She saw all that in a single glance before her gaze focused on Edmund. He stood inches from his aunt’s outstretched fingers. Fury, unlike any she had ever seen, twisted his mouth, but his eyes had that haunted expression she saw each time he was faced with a decision.
“There is no need for this,” he said, and Vera wondered if everyone else sensed he was stalling for time.
“No?” Sir Nigel kicked the silver flask away and snapped a curse before snarling, “You thought you were clever by inviting me here on the pretense that you wanted to make an offer for my niece, didn’t you, Meriweather? You and your friends. Bah! You think you’re great heroes, but you haven’t been able to see the truth under your own noses. You are no better than Ashland who pretended to be my ally before showing his true colors.” He gave a maniacal laugh. “He learned his lesson. Now you will learn yours.”
“Let my aunt go.” Edmund spoke calmly. “There is no reason to frighten her. This is between us, Tresting. Let us handle it like gentlemen.”
“Gentlemen?” he spat. “You are no gentleman, just a common laborer who has been raised above his station.”
Lord Northbridge started to protest the insult, but Edmund silenced him with a single twitch of his finger. His friends exchanged a look she could not interpret. Some message had been passed between them. She thanked God that the men had learned to communicate without words in battle.
On the floor, the maid stirred. She opened her eyes and shrieked, flinging out her hands and feet. One of them struck Sir Nigel’s leg, knocking him off balance.
Edmund grabbed his aunt’s hand and tugged her away, shoving her behind a chair. As the maid scrambled to get behind another, Sir Nigel grabbed her arm and jerked her to her feet.
“I may have been raised as a common laborer, but I know a gentleman does not hide behind an innocent woman,” Edmund said with cool dignity. When Sir Nigel swung the pistol toward him, he added, “Nor does he kill an unarmed man. Or should I say try to kill? You do know that the Earl of Northbridge is an excellent shot, don’t you?”
Vera glanced across the room. Like Sir Nigel, she had not noticed in the chaos when the maid regained her senses that Lord Northbridge had drawn a pistol of his own. It was as steady as the stones beneath the manor house and aimed at the baronet.
“Will he try to kill me, Meriweather, at the same time I shoot you dead?” Sir Nigel asked. “What say you, Northbridge?”
The earl lowered his weapon but held it at the ready.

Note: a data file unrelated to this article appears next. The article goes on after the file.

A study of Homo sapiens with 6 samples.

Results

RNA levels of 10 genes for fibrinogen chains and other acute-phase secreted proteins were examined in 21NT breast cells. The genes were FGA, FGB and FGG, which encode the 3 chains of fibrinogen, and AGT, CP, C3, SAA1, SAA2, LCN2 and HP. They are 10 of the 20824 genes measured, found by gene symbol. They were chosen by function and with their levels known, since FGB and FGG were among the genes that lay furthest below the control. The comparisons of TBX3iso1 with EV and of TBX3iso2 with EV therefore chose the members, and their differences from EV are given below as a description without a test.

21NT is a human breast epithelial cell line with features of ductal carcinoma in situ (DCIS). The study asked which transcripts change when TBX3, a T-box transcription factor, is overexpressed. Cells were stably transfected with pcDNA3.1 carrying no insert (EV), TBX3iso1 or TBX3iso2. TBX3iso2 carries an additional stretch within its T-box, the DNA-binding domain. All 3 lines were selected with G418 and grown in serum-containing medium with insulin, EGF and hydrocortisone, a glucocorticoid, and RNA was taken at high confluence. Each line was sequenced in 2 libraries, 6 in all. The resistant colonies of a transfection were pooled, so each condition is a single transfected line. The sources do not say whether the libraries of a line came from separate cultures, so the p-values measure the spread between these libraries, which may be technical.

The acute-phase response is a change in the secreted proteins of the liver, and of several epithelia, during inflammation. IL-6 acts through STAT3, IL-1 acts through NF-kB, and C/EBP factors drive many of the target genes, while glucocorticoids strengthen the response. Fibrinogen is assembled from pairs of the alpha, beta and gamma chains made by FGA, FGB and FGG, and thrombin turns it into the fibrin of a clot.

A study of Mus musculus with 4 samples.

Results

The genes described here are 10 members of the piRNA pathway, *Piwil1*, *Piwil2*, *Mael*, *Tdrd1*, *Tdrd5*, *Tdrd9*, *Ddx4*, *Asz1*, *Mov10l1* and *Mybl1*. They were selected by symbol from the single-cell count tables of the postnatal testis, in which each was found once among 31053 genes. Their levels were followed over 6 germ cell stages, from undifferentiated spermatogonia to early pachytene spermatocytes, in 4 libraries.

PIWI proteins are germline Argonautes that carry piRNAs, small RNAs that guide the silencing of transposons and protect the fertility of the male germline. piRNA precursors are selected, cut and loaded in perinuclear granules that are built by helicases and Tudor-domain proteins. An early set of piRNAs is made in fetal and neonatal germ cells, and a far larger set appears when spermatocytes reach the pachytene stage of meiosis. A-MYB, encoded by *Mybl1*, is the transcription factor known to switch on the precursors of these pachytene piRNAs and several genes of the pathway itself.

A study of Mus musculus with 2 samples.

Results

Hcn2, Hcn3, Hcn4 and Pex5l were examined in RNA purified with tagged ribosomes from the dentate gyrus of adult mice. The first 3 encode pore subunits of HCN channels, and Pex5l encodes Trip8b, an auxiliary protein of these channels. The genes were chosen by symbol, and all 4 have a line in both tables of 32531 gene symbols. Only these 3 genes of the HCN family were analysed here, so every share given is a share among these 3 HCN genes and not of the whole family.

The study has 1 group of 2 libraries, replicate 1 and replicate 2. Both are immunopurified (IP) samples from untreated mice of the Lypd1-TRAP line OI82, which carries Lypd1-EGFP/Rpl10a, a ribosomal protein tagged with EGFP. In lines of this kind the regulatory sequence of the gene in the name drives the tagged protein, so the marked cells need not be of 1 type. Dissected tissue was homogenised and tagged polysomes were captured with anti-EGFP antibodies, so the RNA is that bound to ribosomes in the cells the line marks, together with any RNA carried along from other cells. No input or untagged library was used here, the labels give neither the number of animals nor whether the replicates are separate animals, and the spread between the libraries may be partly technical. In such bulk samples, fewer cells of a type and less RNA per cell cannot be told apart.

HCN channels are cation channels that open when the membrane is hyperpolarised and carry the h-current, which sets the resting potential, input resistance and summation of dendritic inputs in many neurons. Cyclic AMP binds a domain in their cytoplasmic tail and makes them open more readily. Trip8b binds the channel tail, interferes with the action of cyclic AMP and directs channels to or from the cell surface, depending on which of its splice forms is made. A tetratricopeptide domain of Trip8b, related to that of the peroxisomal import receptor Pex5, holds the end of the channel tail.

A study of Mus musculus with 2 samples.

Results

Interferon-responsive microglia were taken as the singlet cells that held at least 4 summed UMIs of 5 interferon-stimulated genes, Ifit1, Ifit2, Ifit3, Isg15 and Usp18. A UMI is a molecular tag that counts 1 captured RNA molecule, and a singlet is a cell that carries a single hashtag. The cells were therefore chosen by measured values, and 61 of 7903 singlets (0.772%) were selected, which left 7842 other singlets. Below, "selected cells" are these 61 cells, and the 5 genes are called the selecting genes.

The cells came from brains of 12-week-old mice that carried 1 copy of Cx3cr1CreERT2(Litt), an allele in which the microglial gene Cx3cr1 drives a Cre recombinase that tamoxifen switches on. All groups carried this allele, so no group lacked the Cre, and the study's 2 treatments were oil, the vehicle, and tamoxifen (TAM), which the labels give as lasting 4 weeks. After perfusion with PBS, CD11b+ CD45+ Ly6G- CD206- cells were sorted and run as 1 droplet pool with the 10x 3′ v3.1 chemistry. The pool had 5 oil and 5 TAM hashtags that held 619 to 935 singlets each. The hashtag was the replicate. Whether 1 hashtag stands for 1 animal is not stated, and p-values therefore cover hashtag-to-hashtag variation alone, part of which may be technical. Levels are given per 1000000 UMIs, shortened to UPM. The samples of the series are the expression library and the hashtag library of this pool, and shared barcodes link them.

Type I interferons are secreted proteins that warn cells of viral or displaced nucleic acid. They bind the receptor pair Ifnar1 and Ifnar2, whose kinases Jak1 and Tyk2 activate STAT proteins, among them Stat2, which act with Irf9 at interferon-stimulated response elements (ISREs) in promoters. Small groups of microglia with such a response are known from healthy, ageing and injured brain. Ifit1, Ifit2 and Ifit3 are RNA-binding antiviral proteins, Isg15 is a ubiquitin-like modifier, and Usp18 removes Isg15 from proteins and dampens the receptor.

“It seems our business for tonight is concluded.” The baronet stepped back, pulling the struggling maid with him. He was not young, but his determination to escape with his life added strength to his grip on the girl.
No one else in the parlor moved as Sir Nigel edged toward the door. With a sudden motion, he spun, shoved the maid forward and ran out of the room. He did not look in Vera’s direction as he fled toward the back of the house.
She looked up at Edmund’s drawn face as his friends ran past him. Questions filled his eyes.
“Go to your room,” he ordered. “Lock the door and wait there until one of us comes to tell you it is safe.”
He turned to follow his friends, then whirled to capture her by the shoulders and give her a swift, fiery kiss. He released her and was gone before she could urge him to stay safe himself.
Hearing a shriek from the parlor, Vera rushed in and helped Mrs. Uppington to her feet. Edmund’s aunt was having a crise de nerfs, and Vera called the maid to help her get the older woman to her room where she could recover. Mrs. Uppington was staying in a different wing of the house, so Vera and the maid half carried her toward the closest staircase to her bedchamber.
Meriweather Hall was preternaturally silent, and every shadow seemed to hold a threat. Mrs. Uppington’s sobs dissolved to soft whimpers. Still, she insisted on going to the book room to get something to read so she could relax enough to fall asleep.
“I can get you a book, madam,” the maid said. “If you will tell me the title of the volume you want, I will bring it to you.”
“How can I know which one I want when I don’t know which books are there? Are you bird-witted, girl?”
Vera felt sorry for the maid who had suffered as much as Mrs. Uppington. She did not deserve to be dressed down. Asking the maid to make sure Mrs. Uppington had a hot drink in her room, Vera nodded when the young woman gave her a grateful smile and scurried away.
She strained her ears for some clue to tell her if Sir Nigel had been caught. She heard nothing as she helped Mrs. Uppington toward the book room. As she opened the door, a shot resonated through the house.